A bunker in golf is defined under the rules as a “specially prepared area intended to test the player’s ability to play a ball from the sand.”
The name comes from the origins of the game. The earliest courses were laid over linksland, on which naturally occurred small deep sand pits which were called bunkers. These bunkers were incorporated into the design and challenge of the early golf courses, and so bunkers have become part of the design of most golf courses ever since.
Bunkers sometimes get colloquially called sand traps, but bunker is the official term used in the rules of golf. Rule 12 explains what can and cannot be done in a bunker, as the rules for playing out of a bunker are different from when playing from the fairway. (The main one is that the club cannot be grounded in a bunker before playing the shot – to do so is to incur a shot penalty.)
A waste bunker is distinct from a bunker. A bunker is a “specially prepared area”. A waste bunker is an area of sandy waste ground on a golf course. Thus the rules as to what you cannot do in a bunker do not apply to waste bunkers which are treated as just another area of rough.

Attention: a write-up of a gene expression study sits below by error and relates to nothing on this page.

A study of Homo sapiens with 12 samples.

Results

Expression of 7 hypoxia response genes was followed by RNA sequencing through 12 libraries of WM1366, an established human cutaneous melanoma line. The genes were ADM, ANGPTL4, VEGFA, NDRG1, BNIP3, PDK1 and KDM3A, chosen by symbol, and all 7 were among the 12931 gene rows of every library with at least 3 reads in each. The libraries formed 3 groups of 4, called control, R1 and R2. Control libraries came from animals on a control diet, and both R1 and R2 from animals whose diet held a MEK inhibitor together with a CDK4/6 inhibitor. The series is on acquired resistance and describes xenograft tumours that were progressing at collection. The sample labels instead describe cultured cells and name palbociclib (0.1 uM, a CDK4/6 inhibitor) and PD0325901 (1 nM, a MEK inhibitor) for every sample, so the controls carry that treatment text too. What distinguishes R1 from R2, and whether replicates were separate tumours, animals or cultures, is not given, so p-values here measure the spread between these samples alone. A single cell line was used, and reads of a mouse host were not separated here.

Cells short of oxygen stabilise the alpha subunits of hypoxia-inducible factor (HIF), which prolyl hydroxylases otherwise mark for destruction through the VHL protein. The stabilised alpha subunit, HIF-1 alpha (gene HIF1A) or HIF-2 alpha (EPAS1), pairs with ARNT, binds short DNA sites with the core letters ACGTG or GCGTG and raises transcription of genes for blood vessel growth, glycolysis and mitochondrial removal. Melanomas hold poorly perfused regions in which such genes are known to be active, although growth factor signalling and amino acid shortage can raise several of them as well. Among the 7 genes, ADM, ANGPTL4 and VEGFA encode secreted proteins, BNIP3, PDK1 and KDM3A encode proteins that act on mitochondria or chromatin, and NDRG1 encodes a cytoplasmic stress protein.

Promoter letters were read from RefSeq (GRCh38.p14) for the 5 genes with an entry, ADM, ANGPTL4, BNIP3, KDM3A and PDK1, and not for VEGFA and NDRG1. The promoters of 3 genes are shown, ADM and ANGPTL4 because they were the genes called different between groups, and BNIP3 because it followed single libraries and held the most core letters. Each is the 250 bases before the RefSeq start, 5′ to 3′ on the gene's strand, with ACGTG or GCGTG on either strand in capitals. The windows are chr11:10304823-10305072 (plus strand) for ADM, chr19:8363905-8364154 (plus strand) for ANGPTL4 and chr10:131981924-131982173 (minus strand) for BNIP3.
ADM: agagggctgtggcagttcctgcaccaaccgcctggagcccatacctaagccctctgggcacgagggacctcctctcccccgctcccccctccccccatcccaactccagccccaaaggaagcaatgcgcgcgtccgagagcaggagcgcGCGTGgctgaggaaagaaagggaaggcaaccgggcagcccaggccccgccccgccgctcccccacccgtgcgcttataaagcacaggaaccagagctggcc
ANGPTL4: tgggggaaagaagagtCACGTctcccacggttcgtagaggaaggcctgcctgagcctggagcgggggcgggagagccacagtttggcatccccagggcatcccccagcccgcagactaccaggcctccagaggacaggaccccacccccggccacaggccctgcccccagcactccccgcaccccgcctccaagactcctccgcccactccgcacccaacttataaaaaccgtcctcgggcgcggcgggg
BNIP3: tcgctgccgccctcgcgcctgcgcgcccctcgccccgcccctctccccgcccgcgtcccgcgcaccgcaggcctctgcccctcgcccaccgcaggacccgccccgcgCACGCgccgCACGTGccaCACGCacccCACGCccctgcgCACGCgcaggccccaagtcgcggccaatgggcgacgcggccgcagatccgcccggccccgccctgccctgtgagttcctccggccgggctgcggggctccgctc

Similarly grass bunkers are not treated as bunkers under the rules of golf. So you can play from them just as you would from the rough or fairway. Grass bunkers are deep indentations in fairway or rough such that they look like a normal bunker except that they have no sand in them it as it is a grassed area. (Sometimes grass bunkers were simply old sand bunkers that have been grassed over.)
What is a cross bunker in golf?
A cross bunker is a bunker which you have to cross with your ball when playing a hole. Thus you have to hit the ball over it rather than around it. A cross bunker can come in all shapes and sizes, but typically it is wide and aligned roughly perpendicular to the fairway.
What is a pot bunker in golf?
A pot bunker is a particularly fiendish design of bunker which is small, round and very deep and so harder to play out from than most bunkers. It is most commonly found on links courses.
Contributing Writer Golf courses and travel are Roderick’s particular interests and he worked as contributing editor for the first few years of the Golf Monthly Travel Supplement. He writes travel articles and general features for the magazine, travel supplement and website. He is a member of Trevose Golf & Country Club and has played golf in around 20 countries. Cricket is his other main sporting love. He is the author of five books, four of which are still in print: The Novel Life of PG Wodehouse; The Don: Beyond Boundaries; Wally Hammond: Gentleman & Player and England’s Greatest Post-War All Rounder.